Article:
Hands on with Timeline and more in Windows 10 build 17063

Posted by:Cody Carson

A new public preview build has been highly anticipated for almost a month. Now, just before the holidays, Windows Insiders got just what they wanted with a great list of new features to play around with.

Microsoft Edge

We’re always happy to see updates to Microsoft Edge. In 17063, the Web Media Extensions Package for Microsoft Edge will be installed automatically. This means that various open-source media content such as OGG Vorbis and Theora will be supported.

Microsoft Edge now supports Service Workers by default. This is an interesting milestone for bringing the modern web to Windows. These new features can be explored by developers to bring a better web experience to users, improving performance when browsing offline or on a limited connection. Certain sites will now be able to work Offline in Microsoft Edge to improve performance by utilizing locally cached data if it is up to date.

Edge also has a new Acrylic theme. Blacks will be blacker, and Acrylics will be more transparent. The iconography also seems to have been shrunk down to give a more open feel.

Fluent Design and Windows Shell

We’re still watching the first phase of Microsoft’s Fluent Design Language take over the Windows UI. Touches of Acrylic material and glowing reveals slowly making their way into apps and features across the system, and that continues now.

Many elements of the Windows shell such as the fly-outs in the taskbar are being updated to a new acrylic theme. On another note, the Network fly-out on the login screen that’s been the same since Windows 8 has finally been updated to match the one found here on the taskbar.

To much delight for Windows Insiders, not only is the taskbar now made of an Acrylic material; a new icon for Task View hints at the long-awaited availability of a new feature making it’s way to Windows: Timeline.

Timeline and Activities

Delayed time and time again, it’s been a while since Timeline was first announced earlier this year. This new experience combines your open apps from task view with ‘activities’ you were working on in the past. These activities include apps, but can also be specific documents, web pages, or in-app content.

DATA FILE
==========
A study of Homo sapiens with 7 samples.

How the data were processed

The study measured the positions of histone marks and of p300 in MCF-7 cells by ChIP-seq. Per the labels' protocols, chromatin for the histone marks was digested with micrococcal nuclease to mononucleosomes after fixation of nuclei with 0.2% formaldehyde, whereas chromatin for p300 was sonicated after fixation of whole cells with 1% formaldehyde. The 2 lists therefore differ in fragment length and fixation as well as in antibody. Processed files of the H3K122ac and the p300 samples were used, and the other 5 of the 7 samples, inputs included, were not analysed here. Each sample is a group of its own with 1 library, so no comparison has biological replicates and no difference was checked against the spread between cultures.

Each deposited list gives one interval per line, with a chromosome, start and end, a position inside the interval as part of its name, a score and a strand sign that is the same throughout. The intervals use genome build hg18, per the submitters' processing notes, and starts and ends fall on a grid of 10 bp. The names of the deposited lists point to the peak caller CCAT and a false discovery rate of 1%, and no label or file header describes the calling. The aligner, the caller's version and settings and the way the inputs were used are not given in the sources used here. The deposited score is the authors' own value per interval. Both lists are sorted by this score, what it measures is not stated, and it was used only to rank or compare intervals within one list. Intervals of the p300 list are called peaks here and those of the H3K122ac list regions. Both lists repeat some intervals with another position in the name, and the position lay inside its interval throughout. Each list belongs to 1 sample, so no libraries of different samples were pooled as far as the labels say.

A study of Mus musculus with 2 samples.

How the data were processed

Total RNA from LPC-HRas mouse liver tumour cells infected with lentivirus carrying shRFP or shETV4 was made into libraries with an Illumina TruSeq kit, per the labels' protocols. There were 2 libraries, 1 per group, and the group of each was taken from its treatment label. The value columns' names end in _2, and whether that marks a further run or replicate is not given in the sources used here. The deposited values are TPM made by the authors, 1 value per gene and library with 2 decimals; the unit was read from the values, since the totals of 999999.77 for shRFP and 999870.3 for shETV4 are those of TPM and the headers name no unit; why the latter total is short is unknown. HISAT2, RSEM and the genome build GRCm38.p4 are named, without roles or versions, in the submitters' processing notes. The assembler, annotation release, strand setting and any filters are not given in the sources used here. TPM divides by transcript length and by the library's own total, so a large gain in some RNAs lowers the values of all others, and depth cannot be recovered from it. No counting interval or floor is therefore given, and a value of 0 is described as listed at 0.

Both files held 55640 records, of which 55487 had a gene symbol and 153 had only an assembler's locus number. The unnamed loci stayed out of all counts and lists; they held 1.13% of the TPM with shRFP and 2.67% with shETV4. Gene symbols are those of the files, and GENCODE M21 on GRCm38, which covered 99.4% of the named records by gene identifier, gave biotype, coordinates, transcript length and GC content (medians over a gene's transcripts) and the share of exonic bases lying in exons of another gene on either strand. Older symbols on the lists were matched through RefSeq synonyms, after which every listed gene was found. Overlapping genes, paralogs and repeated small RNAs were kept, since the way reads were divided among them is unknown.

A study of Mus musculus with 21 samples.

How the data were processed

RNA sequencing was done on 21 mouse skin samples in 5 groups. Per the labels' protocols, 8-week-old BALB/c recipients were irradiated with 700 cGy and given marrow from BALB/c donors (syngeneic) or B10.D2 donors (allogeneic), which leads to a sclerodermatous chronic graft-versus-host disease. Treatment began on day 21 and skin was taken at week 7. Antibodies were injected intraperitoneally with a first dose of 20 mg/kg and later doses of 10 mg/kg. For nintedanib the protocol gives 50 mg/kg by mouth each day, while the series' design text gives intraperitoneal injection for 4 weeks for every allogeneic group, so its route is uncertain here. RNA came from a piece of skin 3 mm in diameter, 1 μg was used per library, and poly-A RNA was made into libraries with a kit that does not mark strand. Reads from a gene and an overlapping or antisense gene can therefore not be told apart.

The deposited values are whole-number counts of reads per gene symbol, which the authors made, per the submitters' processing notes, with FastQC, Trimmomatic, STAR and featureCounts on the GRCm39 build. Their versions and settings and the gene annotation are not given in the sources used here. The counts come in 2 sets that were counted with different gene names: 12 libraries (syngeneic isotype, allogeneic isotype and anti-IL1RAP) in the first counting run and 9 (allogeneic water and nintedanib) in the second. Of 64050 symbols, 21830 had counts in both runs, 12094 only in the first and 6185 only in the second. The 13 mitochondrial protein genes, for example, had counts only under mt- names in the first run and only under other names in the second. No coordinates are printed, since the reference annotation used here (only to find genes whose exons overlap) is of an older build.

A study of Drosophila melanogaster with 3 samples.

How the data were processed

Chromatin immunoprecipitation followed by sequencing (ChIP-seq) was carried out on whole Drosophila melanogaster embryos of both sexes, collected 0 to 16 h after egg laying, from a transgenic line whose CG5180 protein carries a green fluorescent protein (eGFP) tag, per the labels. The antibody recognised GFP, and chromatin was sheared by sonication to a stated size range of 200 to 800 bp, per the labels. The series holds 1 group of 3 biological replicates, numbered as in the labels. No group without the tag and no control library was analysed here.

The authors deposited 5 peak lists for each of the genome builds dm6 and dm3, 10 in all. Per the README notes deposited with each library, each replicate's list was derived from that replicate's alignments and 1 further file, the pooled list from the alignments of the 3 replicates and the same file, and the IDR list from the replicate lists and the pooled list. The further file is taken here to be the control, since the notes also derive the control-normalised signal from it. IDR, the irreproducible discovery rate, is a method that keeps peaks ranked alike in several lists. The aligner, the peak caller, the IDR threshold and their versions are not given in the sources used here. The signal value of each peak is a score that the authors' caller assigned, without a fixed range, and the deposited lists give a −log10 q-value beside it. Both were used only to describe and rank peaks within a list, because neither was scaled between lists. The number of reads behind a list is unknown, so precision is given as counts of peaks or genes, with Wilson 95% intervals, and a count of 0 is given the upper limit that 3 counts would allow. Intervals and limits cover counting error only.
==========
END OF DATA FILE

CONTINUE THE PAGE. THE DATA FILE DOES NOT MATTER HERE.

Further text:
Scrolling down the list of activities you will be able to resume work sessions be re-opening apps or documents into the state you last left them. You can expand the list of activities from a certain day, scroll back several weeks, or even search for a specific card.

Activities are in the cloud. You will be able to view and interact with activity cards from all your Microsoft Account PCs. Cortana will even be able to suggest content to resume across devices much like how she does with websites.

You can, of course, configure how this content is collected in the Windows Settings under privacy.


Cortana’s Notebook has been completely redesigned to a new card-based interface. The new Lists and reminders sections are categorized under their own ‘organizer’ tab, while the rest of the settings have been moved into a tab named ‘manage skills’.

Cortana Collections is now merged together with lists in a single page.

My People

When My People was released with the Fall Creators Update, it wasn’t super flexible. With build 17063, you can now have up to 10 people pinned to your taskbar, as opposed to just 3. You can choose exactly where you want these people by dragging and dropping them into order or putting them on the overflow list.

Windows Settings

Inspired by the Control Panel, Windows Settings has been almost completely redesigned with this build. The main page has a new layout that works better for the ever-increasing number of categories, and acrylic can also be found being used in the section lists.

The changes go beyond just looks, however. All kinds of new features and advanced options are being brought up with this new design as well.

Users with docks or high DPI displays might be familiar with the scaling issues many legacy desktop applications encounter. Apps that are normally able to scale properly to a high DPI environment might become blurry when using multiple monitors or when changing system scaling. While UWP apps handle these scenarios perfectly, you would have to sign out to resolve these issues with many desktop apps. A new setting under System > Display > Advanced Scaling looks to help fix this issue. If you turn on “Fix Scaling for Apps”, a notification will appear when Windows detects there might be a blurry app on your main display. This notification will ask if you’d like Windows to try and fix these apps by restarting them.

Going to the keyboard settings under Time & Language, you’ll be presented with a brand new keyboard settings page. Here you can view and install new keyboards on your device independently of the display language. The touch keyboard is also getting back the split keyboard option it lost in the Fall Creators Update.

Be Careful!

As with all these new features, there are also quite a few issues. While it won’t cause your device to explode, think twice before installing one of these builds onto your main device.